Stellar murder: when stars destroy and eat their own planets

Our Sun is both our best friend and our worst enemy. On the one hand, we owe our very existence to our star. Earth and the other planets in the Solar System formed out of the same cloud of gas and dust as the Sun.

And without its light, there could be no life on this planet. On the other hand, there will come a day when the Sun ends all life on Earth and, eventually, destroys Earth itself.

The risks that stars can pose to their planets are highlighted by a new study published in Nature. The authors looked at stars similar to our Sun and found that at least one in 12 stars exhibits traces of metals in its atmosphere. These are thought to be the scars of planets and asteroids that have been ingested by the stars.

Planets should never feel too comfortable as they orbit their parent star, as there are at least two ways in which their star can betray their trust and bring about their violent demise.

Tidal disruption

The first is through a process called “tidal disruption”. As a planetary system forms, some planets will find themselves orbiting their star along paths that are either not quite circular or are slightly inclined relative to the plane of the star’s rotation. When that happens, the gravitational force exerted by the star on the planet will slowly correct the shape or the alignment of the wayward planet’s orbit.

In extreme cases, the gravitational force applied by the star will destabilise the planet’s orbit, slowly pulling it closer and closer. If the hapless planet strays too close, it will be torn apart by the star’s gravity. This happens because the side of the planet facing the star is slightly closer than the side facing away (the difference is the planet’s diameter).

The strength of the gravitational pull exerted by the star depends on the distance between it and the planet, so that the side of the planet facing the star feels a slightly stronger pull than the side facing away.

On Earth, this difference in the strength of the force of gravity creates the daily ebb and flow of the tides. In essence, the Sun is trying to deform Earth, but is far enough away that it only manages to pull on the waters of its oceans. But a planet dangerously close to its star will find its very crust and core being pulled apart by these tides.

If the planet is not too close to the star, its shape will merely be deformed into that of an egg. Just a little closer to the star, and the difference between the gravitational pull on its different sides will be enough to completely tear it apart, reducing it back to a cloud of gas and dust that spirals into the star and vaporises in its hellish fires.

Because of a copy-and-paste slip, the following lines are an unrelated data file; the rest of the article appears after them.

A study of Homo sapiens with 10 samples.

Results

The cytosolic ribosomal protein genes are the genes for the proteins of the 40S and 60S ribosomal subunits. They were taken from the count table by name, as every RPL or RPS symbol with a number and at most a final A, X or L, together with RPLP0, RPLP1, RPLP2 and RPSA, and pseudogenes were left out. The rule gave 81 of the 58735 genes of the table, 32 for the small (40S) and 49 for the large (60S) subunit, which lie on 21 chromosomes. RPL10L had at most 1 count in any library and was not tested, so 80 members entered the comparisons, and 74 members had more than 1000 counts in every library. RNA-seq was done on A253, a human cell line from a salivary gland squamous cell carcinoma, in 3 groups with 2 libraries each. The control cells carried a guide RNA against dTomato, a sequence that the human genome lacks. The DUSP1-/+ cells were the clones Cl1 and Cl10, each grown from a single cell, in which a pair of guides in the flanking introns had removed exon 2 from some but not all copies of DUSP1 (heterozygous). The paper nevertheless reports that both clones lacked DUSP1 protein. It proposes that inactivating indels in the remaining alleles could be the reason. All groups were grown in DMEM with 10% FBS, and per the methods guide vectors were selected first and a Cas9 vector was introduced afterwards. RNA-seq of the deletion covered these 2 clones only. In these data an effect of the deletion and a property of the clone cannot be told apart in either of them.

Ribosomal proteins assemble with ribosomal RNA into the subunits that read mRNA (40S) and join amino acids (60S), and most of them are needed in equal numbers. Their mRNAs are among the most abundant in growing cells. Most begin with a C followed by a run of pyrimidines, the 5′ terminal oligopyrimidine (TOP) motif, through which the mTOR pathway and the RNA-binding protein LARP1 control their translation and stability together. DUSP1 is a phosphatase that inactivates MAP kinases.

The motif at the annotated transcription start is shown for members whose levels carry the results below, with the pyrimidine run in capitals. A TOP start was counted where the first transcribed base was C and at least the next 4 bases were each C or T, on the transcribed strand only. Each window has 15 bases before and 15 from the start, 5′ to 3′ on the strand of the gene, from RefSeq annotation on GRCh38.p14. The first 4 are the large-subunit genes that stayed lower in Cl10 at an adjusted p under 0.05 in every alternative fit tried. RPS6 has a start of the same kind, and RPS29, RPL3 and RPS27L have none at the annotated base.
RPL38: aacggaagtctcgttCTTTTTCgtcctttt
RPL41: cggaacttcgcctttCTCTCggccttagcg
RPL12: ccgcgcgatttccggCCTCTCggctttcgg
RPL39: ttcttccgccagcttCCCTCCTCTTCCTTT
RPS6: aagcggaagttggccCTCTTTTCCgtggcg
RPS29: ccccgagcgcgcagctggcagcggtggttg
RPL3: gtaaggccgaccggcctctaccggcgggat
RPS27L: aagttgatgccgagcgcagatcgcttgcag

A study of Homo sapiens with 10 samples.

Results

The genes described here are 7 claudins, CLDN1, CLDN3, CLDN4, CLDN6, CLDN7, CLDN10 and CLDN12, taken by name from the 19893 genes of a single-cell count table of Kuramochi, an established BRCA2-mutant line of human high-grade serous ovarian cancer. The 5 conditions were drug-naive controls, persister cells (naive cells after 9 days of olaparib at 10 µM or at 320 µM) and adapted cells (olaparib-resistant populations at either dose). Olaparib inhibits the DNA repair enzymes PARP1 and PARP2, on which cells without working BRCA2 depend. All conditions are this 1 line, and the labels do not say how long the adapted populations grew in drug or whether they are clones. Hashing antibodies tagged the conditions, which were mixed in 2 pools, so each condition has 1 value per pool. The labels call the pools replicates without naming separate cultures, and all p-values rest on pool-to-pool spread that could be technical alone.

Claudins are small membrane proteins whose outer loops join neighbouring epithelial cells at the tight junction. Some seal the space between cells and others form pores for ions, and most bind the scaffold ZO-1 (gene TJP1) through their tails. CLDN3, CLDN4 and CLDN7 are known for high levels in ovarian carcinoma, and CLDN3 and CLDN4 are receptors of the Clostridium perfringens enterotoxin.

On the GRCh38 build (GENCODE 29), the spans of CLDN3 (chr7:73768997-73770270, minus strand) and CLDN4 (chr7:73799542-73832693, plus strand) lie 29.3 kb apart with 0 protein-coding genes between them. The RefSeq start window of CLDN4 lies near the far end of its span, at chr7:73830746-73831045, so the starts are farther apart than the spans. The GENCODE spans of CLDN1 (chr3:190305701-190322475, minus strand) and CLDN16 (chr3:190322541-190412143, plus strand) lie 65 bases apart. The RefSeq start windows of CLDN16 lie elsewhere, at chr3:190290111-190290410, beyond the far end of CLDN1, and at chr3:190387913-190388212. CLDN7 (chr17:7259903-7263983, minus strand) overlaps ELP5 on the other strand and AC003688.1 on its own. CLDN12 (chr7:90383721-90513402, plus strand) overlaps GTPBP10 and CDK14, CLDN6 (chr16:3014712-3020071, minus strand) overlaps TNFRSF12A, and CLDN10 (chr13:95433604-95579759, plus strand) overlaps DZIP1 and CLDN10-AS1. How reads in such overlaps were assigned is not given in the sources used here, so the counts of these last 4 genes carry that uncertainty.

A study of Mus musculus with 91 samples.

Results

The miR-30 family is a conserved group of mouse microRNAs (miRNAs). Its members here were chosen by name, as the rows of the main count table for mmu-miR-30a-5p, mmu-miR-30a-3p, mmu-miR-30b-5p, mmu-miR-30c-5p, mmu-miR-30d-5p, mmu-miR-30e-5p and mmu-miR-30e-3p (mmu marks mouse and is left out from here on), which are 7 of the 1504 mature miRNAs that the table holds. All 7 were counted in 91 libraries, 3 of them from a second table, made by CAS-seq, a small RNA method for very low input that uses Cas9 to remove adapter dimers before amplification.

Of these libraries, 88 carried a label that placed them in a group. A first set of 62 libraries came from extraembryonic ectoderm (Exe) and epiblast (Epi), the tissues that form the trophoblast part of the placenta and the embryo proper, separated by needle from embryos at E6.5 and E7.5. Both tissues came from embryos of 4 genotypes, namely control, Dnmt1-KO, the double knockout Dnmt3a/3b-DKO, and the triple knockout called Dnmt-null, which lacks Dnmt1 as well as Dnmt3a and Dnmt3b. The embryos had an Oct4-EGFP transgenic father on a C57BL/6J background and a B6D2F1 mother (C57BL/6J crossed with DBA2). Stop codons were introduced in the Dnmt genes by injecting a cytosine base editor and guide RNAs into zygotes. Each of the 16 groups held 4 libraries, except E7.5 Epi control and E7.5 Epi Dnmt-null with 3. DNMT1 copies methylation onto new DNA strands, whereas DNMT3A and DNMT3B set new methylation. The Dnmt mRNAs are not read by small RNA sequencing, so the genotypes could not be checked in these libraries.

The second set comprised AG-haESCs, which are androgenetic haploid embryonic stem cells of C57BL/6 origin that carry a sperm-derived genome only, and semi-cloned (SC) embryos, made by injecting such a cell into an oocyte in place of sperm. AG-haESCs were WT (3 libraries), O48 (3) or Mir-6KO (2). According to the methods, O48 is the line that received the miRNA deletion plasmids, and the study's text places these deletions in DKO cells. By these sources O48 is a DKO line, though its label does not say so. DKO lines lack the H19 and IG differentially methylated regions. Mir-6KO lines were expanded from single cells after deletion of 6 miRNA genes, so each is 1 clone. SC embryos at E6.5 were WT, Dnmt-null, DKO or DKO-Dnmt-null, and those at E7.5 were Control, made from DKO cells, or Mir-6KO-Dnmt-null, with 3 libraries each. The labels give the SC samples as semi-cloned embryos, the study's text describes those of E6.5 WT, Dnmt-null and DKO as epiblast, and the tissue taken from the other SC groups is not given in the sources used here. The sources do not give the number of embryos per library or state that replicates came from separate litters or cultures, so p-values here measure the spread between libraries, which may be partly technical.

The process of tidal disruption was first suggested some 50 years ago. For the last couple of decades, astronomers — including my group — have observed dozens of bright tidal disruption flares caused by stars shredded by supermassive black holes in the centres of galaxies.

Planet and binary star.
The new study in Nature looked specifically at stars orbiting each other in binary systems. NASA/JPL-Caltech

Last year, for the first time, a group of astronomers reported observing a similar, dimmer flare that was consistent with a planet being disrupted and consumed by its star.

Tidal disruption of planets may be quite common, as shown by the new finding that at least 1 in 12 stars exhibits signs that they have ingested planetary material.

Other studies have found that between a quarter to half of all white dwarfs – the remnants of stars up to twice as massive as our Sun – sport similar scars. As their name implies, white dwarfs are white hot. With surface temperatures of tens of thousands of degrees, the hottest white dwarfs emit ultraviolet and X-ray light energetic enough to vaporise their orbiting planets.

The end of Earth

Rest assured; Earth won’t be destroyed via tidal disruption. Our planet’s end will come in about five billion years, when the Sun will transition into a red giant.

Stars are powered by the process known as fusion, where two light elements are combined to make a heavier one. All stars start out their lives fusing the element hydrogen in their cores into the element helium. This fusion process both stabilises them against implosion, due to the incessant pull of gravity, and creates the light that makes them shine. Our Sun has been fusing hydrogen into helium for roughly 4.5 billion years.

But 4.5 billion years from now, the hydrogen in the Sun’s core will run out. All fusion in the core will stop, and gravity, unopposed, will force the star to contract. As the core contracts, it will heat up until the temperature is high enough for helium to fuse into carbon.

Fusion will once again stabilise the star. In the meantime, though, the outer envelopes of the star will expand and cool, giving the now giant star a redder hue. As the red giant Sun expands, it will engulf Mercury, Venus and Earth – it may even reach all the way out to the orbit of Mars.

Earth may have another five billion years to go, but we will not be here to witness its extinction. As the Sun burns through its hydrogen stores, it steadily grows brighter: every billion years, its luminosity increases by about 10%.

A billion years from now, the Sun will be bright enough to boil away Earth’s oceans. So, the next time you bask in the warm rays of the Sun, remember: it’s got it in for us.